There’s a reason Scotland’s New Year celebrations are famed all over the globe. While all countries have their own ways of saying goodbye to the old year and ushering in a new beginning, none have quite the same level of enthusiasm powering these rituals as Scotland.
Here, the celebrations on December 31st are known as Hogmanay. As you might expect given Scotland’s reputation for producing (and consuming) excellent whisky, the night really sees the population let its collective hair down. From a sprawling, joyous gathering in the shadow of a castle to al fresco shortbread at midnight in a little town square, there’s a tremendous range of different styles of merriment on offer.
You have to experience it to appreciate the scale and variety; but in the meantime, here’s a look at three of our favourite Hogmanay celebrations from different parts of Scotland.
Hogmanay in Edinburgh
Let’s kick off with the most, well, celebrated of Scottish New Year celebrations: Hogmanay in the historic capital city, Edinburgh. Between the labyrinthine medieval streets of the Old Town and the stately Georgian residences of the New Town, Edinburgh will take your breath away at any time of the year. But at the end of December, it really comes into its own.
The fun begins on the 30th, the day before Hogmanay, with a torchlit procession down the Royal Mile, probably the most famous street in the city. Then, on the evening of the 31st itself, there’s the legendary Street Party – one of the biggest New Year’s events anywhere on the planet. It takes place on the street and park in front of Edinburgh Castle – so you’ll have a perfect view of the spectacular fireworks that illuminate this ancient edifice at midnight. And of course, the fun doesn’t end there. Joining complete strangers in a rip-roaring rendition of Auld Lang Syne makes for an unforgettable way to draw the festivities to a close.
On January 1st, the Loony Dook sees masses of locals and visitors alike start the year with a dip in the ice-cold waters of the River Forth. But if you’d prefer to stay dry, just go along as a spectator. Don’t miss the fancy dress parade beforehand.
One of the best ways to discover all that Edinburgh has to offer is by joining an expert-led tour. Take a look at our Two Cities (Edinburgh and Glasgow) and Outlander Tour, or our Essential Scotland Tour.
Hogmanay on the Whisky Trail
The Speyside town of Dufftown is one of the highlights of Scotland’s Whisky Trail – so where better to go for a good time at New Year? This place is tiny, meaning there’s an authentic warm and welcoming vibe at the Hogmanay Ceilidh, held on the 31st December at a small hotel. Don’t know what a ceilidh is? You’re in for a treat. This traditional Scottish country dance features a band equipped with, at a bare minimum, a violin and accordion, with bagpipes, hurdy-gurdies, guitars, recorders and tin whistles also often featuring. Many of the dances are fast and furious – and all are a lot of fun.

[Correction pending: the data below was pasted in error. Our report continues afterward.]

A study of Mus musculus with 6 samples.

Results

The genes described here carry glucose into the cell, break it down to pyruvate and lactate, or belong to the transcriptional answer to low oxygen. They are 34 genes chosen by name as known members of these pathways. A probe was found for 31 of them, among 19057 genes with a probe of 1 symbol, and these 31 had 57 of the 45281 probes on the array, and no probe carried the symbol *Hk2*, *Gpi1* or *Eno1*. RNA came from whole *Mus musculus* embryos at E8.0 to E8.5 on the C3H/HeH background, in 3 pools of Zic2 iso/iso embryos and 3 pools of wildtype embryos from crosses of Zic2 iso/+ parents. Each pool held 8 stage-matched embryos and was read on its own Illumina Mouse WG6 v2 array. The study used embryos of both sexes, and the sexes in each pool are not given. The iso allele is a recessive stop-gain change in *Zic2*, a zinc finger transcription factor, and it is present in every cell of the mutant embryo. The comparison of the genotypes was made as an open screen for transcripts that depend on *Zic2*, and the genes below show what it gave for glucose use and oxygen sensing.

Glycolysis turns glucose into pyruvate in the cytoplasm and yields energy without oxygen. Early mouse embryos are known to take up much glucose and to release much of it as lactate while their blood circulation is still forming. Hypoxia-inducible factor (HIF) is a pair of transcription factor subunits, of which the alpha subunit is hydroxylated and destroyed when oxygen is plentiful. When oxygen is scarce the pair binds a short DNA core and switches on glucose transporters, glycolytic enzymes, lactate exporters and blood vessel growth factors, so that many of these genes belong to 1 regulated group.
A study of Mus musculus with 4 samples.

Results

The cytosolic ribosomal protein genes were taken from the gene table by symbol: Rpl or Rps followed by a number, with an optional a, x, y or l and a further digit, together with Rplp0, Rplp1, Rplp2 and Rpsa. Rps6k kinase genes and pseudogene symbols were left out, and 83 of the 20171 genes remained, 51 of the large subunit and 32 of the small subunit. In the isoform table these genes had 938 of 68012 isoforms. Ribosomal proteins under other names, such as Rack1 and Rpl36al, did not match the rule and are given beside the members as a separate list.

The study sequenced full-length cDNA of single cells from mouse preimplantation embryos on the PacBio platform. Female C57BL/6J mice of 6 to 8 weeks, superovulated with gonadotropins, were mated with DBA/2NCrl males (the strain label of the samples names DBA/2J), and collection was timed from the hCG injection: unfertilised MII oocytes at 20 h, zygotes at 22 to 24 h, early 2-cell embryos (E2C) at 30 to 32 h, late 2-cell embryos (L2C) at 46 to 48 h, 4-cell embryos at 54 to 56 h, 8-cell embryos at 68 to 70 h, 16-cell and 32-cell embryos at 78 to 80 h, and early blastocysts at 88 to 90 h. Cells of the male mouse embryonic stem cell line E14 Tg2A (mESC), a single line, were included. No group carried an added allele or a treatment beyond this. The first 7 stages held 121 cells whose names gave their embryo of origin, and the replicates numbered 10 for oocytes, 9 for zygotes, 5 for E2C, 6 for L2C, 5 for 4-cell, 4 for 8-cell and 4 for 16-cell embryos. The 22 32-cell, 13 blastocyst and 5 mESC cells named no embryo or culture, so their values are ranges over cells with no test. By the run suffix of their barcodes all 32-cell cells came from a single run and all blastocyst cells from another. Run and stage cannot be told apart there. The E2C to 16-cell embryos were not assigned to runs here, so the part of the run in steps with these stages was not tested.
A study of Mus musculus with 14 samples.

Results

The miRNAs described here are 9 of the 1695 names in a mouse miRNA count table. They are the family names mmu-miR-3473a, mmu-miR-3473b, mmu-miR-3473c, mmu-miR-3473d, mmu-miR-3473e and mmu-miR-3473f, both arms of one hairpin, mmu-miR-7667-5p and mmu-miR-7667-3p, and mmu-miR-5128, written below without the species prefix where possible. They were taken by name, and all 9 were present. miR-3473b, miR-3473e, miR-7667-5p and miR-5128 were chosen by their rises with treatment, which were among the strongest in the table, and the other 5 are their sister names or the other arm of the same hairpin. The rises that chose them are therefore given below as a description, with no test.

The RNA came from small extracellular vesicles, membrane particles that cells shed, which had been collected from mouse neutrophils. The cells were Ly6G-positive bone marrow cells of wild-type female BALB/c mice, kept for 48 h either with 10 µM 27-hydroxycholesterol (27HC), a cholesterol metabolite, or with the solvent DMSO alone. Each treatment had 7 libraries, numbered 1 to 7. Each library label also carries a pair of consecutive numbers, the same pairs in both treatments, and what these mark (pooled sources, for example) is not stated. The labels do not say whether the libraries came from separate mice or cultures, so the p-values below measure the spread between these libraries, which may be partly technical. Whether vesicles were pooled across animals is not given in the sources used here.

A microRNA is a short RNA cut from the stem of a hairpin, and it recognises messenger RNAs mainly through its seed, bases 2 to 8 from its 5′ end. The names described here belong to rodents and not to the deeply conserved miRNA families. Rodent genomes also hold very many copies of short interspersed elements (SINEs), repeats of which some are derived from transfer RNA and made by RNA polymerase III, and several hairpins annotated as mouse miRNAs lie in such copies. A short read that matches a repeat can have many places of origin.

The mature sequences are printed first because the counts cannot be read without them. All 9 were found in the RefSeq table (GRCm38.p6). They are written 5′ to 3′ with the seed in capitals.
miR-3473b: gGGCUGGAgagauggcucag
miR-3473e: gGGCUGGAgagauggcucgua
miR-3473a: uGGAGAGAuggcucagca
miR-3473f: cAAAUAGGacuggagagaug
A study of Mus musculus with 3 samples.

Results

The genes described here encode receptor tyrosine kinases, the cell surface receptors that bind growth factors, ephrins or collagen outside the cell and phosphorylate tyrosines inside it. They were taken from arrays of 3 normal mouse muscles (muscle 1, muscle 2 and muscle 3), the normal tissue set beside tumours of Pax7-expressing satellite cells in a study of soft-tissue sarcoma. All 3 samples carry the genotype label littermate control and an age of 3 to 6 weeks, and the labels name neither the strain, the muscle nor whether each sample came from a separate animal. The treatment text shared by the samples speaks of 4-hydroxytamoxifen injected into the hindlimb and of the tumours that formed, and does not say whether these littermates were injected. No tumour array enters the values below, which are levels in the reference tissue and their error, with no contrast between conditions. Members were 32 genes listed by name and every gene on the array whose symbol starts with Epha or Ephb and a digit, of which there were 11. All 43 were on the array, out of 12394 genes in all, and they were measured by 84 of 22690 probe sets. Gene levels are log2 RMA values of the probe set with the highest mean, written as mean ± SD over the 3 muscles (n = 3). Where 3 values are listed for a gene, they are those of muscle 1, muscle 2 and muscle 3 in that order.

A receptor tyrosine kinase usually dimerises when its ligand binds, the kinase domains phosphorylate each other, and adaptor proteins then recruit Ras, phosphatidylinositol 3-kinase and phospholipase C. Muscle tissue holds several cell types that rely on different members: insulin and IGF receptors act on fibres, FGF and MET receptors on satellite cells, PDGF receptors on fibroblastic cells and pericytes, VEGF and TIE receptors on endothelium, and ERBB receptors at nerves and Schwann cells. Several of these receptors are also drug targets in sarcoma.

So far, so typical for a small-town New Year’s party in Scotland. But it’s just before midnight when things take a turn, as the entire body of guests exits onto the town square to see in the new year with whisky and shortbread provided by Glenfiddich distillers and Walkers biscuit-makers, both of which have premises in the town. Slàinte!
To travel in style throughout your whisky trail adventure, you can’t do better than our Scotland Whisky Trail by Luxury Train & Taste of Edinburgh Tour.
New Year’s Day in Orkney
The archipelago of Orkney, off the northeast coast of Scotland, has so many historic and natural wonders scattered across its islands that it’s the perfect fit for a variety-packed customised tour. A fascinating thread of Viking influence runs through the culture here – and that’s never clearer than during the New Year’s celebrations.
In Orkney, you can have a great night in a pub on Hogmanay itself; but the main event comes on January 1st. This is when the New Year’s Day Ba’ turns the archipelago’s major town, Kirkwall, into a mass of brawling men, fighting for an old-fashioned leather medicine ball in a ruthless ancient ball game. The competition gets so intense that residents put boards across their doors and windows to protect them from being damaged in the battle.
You can watch from the street, or from the safety of a hotel window. But however you choose to see it, you’ll never forget the jubilation as the winner of the match is crowned. His prize? The ball, of course. And glory.